NEW YORK — The Securities and Exchange Commission has begun an informal inquiry into complaints of widespread insider trading in high-yield, high-risk junk bonds, sources confirmed Wednesday.
The inquiry was sparked by sharp price movements of junk bonds before corporate announcements affecting the value of the bonds, such as a company's offer to buy back its bonds at a premium.
The sources said the inquiry focuses heavily on individuals who serve on creditors committees of troubled companies, including those in bankruptcy proceedings. These individuals often have advance knowledge of the plans of a troubled company.
But creditors committee members often also are executives of securities firms that own a company's bonds or make markets in them and therefore may be tempted to use their advance knowledge.
Big run-ups in junk bond prices have occurred before public announcements by several troubled companies, including Ft. Howard Corp. and Harcourt Brace Jovanovich. Using such advance information could yield big profits, because junk bond prices have become extremely volatile since the market for them collapsed last year.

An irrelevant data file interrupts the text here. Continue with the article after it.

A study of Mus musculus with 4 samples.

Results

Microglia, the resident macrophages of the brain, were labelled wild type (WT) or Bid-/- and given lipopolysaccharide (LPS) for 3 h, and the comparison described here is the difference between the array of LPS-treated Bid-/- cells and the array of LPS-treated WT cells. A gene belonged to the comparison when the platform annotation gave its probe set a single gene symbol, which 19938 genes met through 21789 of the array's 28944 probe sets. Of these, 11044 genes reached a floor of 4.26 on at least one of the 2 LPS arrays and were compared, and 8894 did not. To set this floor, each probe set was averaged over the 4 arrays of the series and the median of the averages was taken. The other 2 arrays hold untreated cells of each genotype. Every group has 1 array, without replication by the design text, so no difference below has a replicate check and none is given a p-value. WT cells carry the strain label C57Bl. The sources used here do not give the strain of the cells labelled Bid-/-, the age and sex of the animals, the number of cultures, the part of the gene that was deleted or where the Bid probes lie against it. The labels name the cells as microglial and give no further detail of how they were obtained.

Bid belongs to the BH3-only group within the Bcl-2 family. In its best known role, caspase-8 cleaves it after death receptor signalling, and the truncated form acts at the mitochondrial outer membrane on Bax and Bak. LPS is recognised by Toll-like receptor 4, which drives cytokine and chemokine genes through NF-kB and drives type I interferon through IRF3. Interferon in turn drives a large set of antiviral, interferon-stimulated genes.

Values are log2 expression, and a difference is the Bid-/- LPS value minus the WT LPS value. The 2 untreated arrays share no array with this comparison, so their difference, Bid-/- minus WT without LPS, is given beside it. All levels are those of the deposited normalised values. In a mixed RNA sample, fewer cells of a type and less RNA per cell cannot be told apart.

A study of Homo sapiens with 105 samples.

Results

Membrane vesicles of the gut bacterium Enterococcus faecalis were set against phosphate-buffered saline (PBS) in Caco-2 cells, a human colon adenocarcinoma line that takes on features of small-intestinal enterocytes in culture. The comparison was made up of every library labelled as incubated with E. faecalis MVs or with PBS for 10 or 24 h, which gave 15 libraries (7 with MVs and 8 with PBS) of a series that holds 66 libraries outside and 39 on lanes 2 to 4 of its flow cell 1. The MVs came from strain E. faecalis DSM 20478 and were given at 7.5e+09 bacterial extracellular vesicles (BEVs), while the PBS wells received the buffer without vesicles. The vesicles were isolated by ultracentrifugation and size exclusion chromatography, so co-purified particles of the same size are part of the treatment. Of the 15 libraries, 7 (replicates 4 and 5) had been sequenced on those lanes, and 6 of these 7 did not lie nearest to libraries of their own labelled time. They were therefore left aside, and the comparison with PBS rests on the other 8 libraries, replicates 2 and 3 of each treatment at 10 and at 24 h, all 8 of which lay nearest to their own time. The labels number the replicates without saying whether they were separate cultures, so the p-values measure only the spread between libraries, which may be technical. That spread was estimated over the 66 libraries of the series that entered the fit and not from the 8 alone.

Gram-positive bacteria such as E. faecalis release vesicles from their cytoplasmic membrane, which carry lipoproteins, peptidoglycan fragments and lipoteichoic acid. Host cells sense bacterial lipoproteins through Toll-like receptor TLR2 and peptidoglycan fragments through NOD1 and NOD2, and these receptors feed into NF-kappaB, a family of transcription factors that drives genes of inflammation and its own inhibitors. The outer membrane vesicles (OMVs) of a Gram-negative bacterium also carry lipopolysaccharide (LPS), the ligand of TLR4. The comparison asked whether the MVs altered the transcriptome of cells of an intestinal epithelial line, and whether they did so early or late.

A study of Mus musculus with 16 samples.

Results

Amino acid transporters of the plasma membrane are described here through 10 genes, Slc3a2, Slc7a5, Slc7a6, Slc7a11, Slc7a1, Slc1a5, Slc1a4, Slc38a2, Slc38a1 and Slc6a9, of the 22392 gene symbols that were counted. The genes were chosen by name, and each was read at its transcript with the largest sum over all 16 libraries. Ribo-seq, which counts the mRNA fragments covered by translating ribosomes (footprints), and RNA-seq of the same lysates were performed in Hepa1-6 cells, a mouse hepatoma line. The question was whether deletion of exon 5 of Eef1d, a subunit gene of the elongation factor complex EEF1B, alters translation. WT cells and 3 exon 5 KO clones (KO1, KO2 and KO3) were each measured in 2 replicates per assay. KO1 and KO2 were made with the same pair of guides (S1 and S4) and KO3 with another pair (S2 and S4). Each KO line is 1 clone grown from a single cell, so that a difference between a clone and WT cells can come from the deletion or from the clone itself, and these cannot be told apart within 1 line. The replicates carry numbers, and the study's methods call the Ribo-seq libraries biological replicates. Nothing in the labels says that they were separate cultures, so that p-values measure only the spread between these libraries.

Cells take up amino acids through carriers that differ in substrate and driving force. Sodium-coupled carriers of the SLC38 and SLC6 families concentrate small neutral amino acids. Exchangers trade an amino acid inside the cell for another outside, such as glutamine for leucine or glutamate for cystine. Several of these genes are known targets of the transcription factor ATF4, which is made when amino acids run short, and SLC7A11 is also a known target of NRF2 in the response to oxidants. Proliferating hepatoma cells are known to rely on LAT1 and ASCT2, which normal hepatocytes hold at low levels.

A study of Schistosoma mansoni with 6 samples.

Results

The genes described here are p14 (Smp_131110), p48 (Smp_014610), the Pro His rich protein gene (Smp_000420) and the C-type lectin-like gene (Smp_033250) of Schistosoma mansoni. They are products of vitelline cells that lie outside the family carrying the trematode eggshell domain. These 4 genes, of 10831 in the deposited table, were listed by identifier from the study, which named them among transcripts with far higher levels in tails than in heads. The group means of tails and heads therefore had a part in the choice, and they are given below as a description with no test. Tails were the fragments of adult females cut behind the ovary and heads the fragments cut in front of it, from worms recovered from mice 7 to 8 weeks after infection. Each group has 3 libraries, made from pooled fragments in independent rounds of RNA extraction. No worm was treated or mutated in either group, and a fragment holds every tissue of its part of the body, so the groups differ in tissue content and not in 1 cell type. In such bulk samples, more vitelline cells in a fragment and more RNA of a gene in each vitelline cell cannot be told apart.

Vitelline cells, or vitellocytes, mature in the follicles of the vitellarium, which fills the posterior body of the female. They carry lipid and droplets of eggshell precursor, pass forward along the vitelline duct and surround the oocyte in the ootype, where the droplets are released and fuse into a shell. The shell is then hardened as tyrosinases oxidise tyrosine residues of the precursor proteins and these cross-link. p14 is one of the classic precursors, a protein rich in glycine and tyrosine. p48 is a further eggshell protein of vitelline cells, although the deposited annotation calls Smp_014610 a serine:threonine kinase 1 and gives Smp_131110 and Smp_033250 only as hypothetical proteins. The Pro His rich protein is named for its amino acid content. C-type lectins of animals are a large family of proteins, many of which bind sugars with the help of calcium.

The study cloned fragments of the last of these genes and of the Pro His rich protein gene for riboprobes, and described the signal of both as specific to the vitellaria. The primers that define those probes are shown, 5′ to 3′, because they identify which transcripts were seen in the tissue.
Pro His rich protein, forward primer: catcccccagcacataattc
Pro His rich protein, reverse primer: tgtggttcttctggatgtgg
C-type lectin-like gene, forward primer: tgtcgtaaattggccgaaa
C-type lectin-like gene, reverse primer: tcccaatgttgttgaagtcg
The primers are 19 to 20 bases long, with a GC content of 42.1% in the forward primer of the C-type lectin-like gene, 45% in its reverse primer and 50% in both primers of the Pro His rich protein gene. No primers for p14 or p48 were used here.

The SEC, however, hasn't authorized a formal investigation. Senior SEC officials said in interviews that there are significant legal questions about how far insider trading laws can be applied to junk bonds as opposed to stocks. The spate of insider trading prosecutions thus far centered on trading in stocks and related instruments such as warrants and options.
SEC Commissioner Edward H. Fleischman said that under current law corporate insiders have responsibilities to stockholders that they don't have to bondholders.
"The traditional notions of insider trading are grounded in a relationship between the company and its shareholders that has frequently been characterized as a fiduciary relationship," he said. "There is no parallel body of theory that makes the company or the company's officers fiduciaries with respect to debt holders."
William McLucas, the SEC's director of enforcement, also said the law isn't clear with respect to junk bonds. But he said the SEC probably could make a case based on the theory of misappropriation of information, a theory that has been upheld by the Supreme Court.
One individual who has advised many creditors committees, Wilbur L. Ross Jr., of the investment banking firm Rothschild Inc., said a number of individuals or firms may have exploited the uncertainty about the law.
"Since everybody has known that there was at least a lack of clarity, my guess is that there probably have been some abuses," he said.
Ross said he favors eliminating the uncertainty by having the SEC and Congress expand the insider trading laws so that they clearly apply equally to stocks and bonds.